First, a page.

Eliyahu Oliker often travels to delis and convenience stores around the area, selling small items, including lighters, popular at such shops.
He happened to be in Bardonia last week when he bought a $1 Million Dollar Duck scratch-off ticket at Don Alvaro, a convenience store.
"I scratched it off and I saw that I won," Oliker, 68, recalled yesterday as he claimed his million-dollar prize at the New York Lottery's regional office in Fishkill. "I was in shock. I'm still in shock."
Oliker and his wife, Esther, have been buying lottery tickets for years, but had never hit it big.
"I still can't believe it," he said.
Vinay Thapar, owner of Don Alvaro, recalled yesterday what happened when he sold Oliker the winning ticket July 30.
"I was afraid to tell him how much the jackpot was," Thapar said. "I thought he was going to faint."
The ticket wasn't the first time someone had hit it big at the convenience store, which also is known as Manney & Mickey's.
Two years ago, someone won a $2 million jackpot there, Thapar said.
"We're a lucky store," he said.
Oliker, a retired engineer, was thrilled to share the news with his wife. The couple live in Montvale, N.J.
They emigrated from the Russian city of St. Petersburg in 1975, when it was still part of the Soviet Union.
They already know how they will spend the winnings, which New York state Lottery spokeswoman Carolyn Hapeman said would amount to $50,000 annually for the next 20 years.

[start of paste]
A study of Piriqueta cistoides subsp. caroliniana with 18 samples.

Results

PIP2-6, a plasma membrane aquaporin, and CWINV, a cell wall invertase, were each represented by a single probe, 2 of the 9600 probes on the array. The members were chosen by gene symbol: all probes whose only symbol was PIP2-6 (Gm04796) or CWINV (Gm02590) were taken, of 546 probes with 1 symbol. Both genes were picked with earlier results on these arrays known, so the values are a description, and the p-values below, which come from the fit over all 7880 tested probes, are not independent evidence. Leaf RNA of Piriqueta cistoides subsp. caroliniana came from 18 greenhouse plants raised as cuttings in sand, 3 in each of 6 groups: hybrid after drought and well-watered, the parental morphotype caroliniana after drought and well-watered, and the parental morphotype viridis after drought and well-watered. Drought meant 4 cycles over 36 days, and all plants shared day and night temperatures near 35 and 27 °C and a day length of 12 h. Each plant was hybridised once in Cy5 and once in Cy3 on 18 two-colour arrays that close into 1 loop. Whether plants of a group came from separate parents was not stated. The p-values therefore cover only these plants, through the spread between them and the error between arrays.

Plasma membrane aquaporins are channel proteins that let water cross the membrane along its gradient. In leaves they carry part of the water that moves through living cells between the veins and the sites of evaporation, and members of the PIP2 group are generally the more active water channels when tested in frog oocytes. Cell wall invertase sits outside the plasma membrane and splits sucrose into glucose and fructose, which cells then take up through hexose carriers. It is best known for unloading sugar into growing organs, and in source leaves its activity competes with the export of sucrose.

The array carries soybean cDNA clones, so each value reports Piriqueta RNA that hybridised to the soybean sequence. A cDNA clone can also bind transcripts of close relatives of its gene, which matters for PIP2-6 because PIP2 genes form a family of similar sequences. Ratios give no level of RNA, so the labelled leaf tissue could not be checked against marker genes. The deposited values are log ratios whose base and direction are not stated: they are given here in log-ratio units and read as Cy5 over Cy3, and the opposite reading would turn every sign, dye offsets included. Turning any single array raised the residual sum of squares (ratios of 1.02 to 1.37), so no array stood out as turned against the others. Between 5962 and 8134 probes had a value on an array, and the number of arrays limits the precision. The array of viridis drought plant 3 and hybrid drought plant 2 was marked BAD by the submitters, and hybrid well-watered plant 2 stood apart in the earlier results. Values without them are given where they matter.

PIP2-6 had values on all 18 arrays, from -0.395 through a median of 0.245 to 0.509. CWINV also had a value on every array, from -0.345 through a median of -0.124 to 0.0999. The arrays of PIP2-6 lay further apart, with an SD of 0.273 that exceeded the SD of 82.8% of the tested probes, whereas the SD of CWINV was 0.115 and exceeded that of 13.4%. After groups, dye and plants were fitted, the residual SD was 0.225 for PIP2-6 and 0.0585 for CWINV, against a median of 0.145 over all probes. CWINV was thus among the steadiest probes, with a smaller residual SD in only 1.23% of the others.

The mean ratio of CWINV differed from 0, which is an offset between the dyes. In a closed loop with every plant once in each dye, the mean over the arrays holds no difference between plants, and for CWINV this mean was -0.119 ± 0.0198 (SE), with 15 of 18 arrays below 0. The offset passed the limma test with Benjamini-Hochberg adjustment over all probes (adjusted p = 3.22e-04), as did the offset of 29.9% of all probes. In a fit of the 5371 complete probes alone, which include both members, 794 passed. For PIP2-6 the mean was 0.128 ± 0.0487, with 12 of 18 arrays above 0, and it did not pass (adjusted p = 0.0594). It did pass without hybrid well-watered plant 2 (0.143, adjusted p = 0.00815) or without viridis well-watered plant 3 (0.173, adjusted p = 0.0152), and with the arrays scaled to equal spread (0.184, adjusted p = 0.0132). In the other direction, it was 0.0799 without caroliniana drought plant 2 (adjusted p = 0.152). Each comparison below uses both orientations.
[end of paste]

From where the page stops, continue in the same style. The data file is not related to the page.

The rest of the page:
The couple's daughter, Rachel, was diagnosed with multiple sclerosis years ago while in medical school. She is now 37 and relies on numerous medications — including one that costs $13,000 annually — to stay alive.
"Now we can buy the medications, pay for therapy, get whatever she needs," Esther Oliker said.
Esther Oliker said she planned to continue her part-time job as a dental assistant at an office in Bergen County, N.J.
The couple might take some trips, perhaps to upstate New York or to the Jersey Shore, they said.
Their lottery winnings will make their lives easier, they said.
But they said they were convinced they hit the real jackpot more than three decades ago when they were able to leave the Soviet Union for the United States.
"I thank God every day that we are here in this country," Esther Oliker said. "God bless America."